Background Concussive injuries are common in many sports and
recreational activities, especially those involving body
contact, collisions or high speed. Over the past 8 years,
international experts met on three occasions to address key
issues in the understanding and management of concussion
in sport; most recently in Zurich in November 2008. The
consensus statement produced from this meeting provides
an outline of up-to-date knowledge and best practice
management guidelines on concussion in sport.
Objective The aim of this article is to provide an overview of the key
concepts from the Zurich consensus statement, including an
understanding of concussion and an outline of potential risks
and recommended management as applicable to the general
Discussion Concussion is thought to reflect a functional injury to the
brain. Clinical features are typically short lived and resolve
spontaneously, with the majority of affected individuals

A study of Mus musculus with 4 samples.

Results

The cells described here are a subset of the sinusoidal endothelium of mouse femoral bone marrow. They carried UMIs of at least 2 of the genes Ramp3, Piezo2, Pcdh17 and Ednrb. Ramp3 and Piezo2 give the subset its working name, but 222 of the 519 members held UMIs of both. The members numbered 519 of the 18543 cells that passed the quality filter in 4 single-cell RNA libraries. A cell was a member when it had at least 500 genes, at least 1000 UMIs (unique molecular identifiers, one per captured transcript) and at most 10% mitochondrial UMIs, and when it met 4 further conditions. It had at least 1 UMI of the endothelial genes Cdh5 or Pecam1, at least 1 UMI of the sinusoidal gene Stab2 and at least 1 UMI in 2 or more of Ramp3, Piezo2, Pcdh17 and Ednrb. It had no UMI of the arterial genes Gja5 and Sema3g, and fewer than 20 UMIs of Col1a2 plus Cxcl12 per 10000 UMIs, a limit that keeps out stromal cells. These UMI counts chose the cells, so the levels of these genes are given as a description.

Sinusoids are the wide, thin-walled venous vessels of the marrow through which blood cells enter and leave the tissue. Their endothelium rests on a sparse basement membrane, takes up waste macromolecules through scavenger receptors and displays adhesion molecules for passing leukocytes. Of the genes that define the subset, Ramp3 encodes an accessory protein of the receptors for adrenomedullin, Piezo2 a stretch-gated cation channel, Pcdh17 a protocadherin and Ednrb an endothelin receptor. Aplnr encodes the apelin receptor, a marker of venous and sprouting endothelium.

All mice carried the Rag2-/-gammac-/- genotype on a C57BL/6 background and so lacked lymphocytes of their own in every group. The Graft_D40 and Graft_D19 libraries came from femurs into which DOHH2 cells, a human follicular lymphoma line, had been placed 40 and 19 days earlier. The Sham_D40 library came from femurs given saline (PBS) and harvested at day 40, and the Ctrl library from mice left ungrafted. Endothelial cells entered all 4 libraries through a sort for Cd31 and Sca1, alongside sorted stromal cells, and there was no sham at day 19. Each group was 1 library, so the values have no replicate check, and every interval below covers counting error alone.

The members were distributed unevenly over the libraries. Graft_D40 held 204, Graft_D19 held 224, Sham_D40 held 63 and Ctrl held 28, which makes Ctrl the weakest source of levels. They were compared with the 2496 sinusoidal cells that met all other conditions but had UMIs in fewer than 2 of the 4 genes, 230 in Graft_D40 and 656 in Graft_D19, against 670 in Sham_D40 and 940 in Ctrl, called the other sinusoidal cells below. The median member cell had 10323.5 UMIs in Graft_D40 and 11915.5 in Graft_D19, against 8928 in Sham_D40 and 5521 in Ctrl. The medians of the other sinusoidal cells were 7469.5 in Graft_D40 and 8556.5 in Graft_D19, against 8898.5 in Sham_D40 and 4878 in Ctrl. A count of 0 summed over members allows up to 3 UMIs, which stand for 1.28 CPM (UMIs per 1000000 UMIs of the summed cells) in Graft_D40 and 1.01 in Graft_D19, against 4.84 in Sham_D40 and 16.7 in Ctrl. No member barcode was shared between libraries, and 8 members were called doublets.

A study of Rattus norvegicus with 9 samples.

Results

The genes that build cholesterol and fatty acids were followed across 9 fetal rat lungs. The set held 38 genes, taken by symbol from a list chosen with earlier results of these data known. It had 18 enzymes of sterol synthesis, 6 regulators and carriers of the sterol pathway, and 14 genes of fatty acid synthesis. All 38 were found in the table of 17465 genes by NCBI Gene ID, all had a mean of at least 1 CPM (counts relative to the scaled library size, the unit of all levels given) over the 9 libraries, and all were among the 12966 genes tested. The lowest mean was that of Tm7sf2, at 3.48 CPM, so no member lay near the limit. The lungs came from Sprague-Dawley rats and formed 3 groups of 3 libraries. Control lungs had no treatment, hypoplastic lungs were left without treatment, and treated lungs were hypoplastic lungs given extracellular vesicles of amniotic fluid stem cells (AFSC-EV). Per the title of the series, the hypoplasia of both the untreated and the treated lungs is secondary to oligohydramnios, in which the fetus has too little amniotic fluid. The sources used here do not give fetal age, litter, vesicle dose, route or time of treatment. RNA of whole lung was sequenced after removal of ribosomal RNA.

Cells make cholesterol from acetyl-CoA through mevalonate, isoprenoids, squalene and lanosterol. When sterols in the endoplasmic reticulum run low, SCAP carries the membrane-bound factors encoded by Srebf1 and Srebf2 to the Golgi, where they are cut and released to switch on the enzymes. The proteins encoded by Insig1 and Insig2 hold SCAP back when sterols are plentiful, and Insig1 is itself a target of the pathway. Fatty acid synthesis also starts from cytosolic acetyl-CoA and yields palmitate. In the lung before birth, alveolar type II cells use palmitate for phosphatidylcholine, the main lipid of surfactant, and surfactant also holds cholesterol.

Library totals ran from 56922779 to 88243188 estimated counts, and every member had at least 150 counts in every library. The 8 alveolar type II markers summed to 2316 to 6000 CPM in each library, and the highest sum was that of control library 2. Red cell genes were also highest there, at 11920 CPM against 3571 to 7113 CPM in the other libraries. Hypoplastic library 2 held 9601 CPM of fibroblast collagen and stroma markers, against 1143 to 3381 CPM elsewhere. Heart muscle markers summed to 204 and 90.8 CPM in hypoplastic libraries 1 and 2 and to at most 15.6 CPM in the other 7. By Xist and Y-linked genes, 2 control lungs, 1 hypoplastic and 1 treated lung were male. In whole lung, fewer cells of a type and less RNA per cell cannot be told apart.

recovering within 10–14 days. However, complications can
occur including prolonged symptoms or cognitive deficit,
depression, and cumulative deterioration in brain function.
The potential for adverse outcomes and the absence of
direct measures of recovery following a concussive injury,
make decisions regarding return to play a challenge. Clinical
management includes confirming the diagnosis, differentiating
concussion from structural head injury, estimating the severity
of injury, and determining when the patient can return safely to
competition. Players should return to play in a graded fashion
after clinical features have resolved and cognitive function has
returned to ‘normal’ on neuropsychological testing.